A Vancouver restaurateur who vowed to defy a provincial ban on indoor dining now says he’ll comply, while a second was ordered to close after promising to stay open all weekend.
Gusto restaurant Federico Fuoco said Saturday that he would “comply with the latest order.”
“Because I want everyone to feel safe, and it is about safety. I understand that,” Fuoco told Global News.
On Friday, Fuoco had pledged to open his restaurant to indoor dining in violation of the province’s three-week “circuit breaker” restrictions.
Fuoco’s defiance led to a Vancouver Coastal Health closure order issued April 1 and on Saturday, Gusto was open again albeit for outdoor dining only. Vancouver Coastal Health did clarify when asked if the restaurant was violating the order by being open.
“We were blindsided,” Fuoco said Saturday, arguing restaurants were given no warning and left holding large amounts of perishable product.
Vancouver restaurant owner defies COVID-19 orders
“This could be the final nail in the coffin for restaurants, someone has to speak up. We don’t want to lose our employees, they have families to feed. Restaurants that have spent thousands of dollars on plexiglass dividers.”
Gusto is not the only Vancouver restaurant raising eyebrows with its defiance.
Corduroy restaurant on Cornwall Avenue in Vancouver also took aim at the restrictions and opened its doors following a “save small business” rally at Vancouver City Hall on Friday.
Owner Rebecca Matthews told Global News Saturday the eatery remained open and would stay that way as long as it could.
But Vancouver police confirmed Saturday evening that its liquor coordinator and provincial health officers had attended, and that the PHOs had issued a full closure.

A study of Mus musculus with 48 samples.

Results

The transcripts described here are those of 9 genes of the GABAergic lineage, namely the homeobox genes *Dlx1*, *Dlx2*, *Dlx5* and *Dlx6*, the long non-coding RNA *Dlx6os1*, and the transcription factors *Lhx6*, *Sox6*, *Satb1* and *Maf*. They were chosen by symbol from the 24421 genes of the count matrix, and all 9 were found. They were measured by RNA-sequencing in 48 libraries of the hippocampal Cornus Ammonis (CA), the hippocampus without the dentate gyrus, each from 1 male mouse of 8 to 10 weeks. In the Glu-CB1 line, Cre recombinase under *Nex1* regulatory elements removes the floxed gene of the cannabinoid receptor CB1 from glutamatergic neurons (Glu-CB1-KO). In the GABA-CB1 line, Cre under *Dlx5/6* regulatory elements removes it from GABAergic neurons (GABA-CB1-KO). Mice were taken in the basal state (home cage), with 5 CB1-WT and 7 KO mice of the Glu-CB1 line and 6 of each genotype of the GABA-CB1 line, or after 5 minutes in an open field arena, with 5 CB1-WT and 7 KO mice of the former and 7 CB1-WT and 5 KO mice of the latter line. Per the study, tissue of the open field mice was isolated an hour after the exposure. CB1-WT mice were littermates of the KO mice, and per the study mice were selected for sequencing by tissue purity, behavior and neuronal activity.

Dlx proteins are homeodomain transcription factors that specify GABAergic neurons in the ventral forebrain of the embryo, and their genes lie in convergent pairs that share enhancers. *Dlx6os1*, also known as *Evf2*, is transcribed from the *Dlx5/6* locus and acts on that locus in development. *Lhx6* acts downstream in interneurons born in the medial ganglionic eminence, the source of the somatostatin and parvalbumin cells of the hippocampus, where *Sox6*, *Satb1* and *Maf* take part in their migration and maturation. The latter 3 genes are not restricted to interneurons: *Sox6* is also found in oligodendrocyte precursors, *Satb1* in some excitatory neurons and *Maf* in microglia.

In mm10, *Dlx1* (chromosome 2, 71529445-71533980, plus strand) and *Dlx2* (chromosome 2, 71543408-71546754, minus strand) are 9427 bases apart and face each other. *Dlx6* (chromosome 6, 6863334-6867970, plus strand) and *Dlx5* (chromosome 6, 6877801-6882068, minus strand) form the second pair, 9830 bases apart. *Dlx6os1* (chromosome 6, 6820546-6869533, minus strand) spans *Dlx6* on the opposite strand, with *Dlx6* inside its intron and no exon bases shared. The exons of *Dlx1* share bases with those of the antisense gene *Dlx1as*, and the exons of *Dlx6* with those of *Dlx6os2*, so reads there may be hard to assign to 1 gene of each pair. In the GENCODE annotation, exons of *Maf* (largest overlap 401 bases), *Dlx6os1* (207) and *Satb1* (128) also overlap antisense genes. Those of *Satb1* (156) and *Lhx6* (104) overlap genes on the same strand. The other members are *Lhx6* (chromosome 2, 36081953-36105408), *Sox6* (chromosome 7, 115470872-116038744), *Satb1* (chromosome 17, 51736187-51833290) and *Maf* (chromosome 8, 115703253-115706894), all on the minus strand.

As of Saturday night, the restaurant was still open and serving customers inside.
“I don’t believe it’s OK to pick and choose certain industries to shut down. A lot of people say it’s just three weeks but I don’t believe that’s true, I think they’re going to keep moving the goalposts like they have all year,” she said.
Matthews said opening and closing the restaurant cost her thousands of dollars in lost product and that she relied on the business to feed her family.
“We need to take a stand. Enough is enough. We need to be able to live and support our families. We’ve been doing it safely for the last little while,” she said.
“Driving down to work today there’s patios that are packed, so how is that different than people sitting at a table inside?”
On Friday, Matthews spoke at a “save small business” anti restriction rally, where she questioned the accuracy of COVID-19 tests and called for a reopening of businesses.
Following the event, protesters packed the restaurant to capacity, with one live-streamed video showing attendees joining in a chant of “Freedom! Freedom!” while guests circulated without masks on.
Public Safety Minister Mike Farnworth described flouting the restrictions as “disgraceful.”
“It’s flying in the face of what most British Columbians are doing, what nearly all restaurants in this province are doing, which is abiding by health orders. They’re there to protect people, they’re there to get this pandemic under control and the numbers down,” he said.
“So to sort of thumb your nose because you think you’re special or you’re entitled to something or that the rules don’t apply to you, it’s just irresponsible.”
Farnworth said a business that stayed open was at risk of a $2,300 fine, while anyone in attendance could be fined $575. Liquor and business licences could also be in jeopardy he said.
On Saturday, the province revealed it had recorded more than 1,000 new cases in each of the last two days.
UBC mathematical biologist Sally Otto said she believes the surging numbers were being driven by the more contagious COVDI-19 variants of concern, which she estimated now account for half of all new cases.
“That means we have to be even more conscious, wear masks outdoors, wear a double masking,” Otto said.
“If you’re in prolonged contact, make sure you’re distant. Really, reducing the amount of shopping or anything you do to what is needed at this point in time.”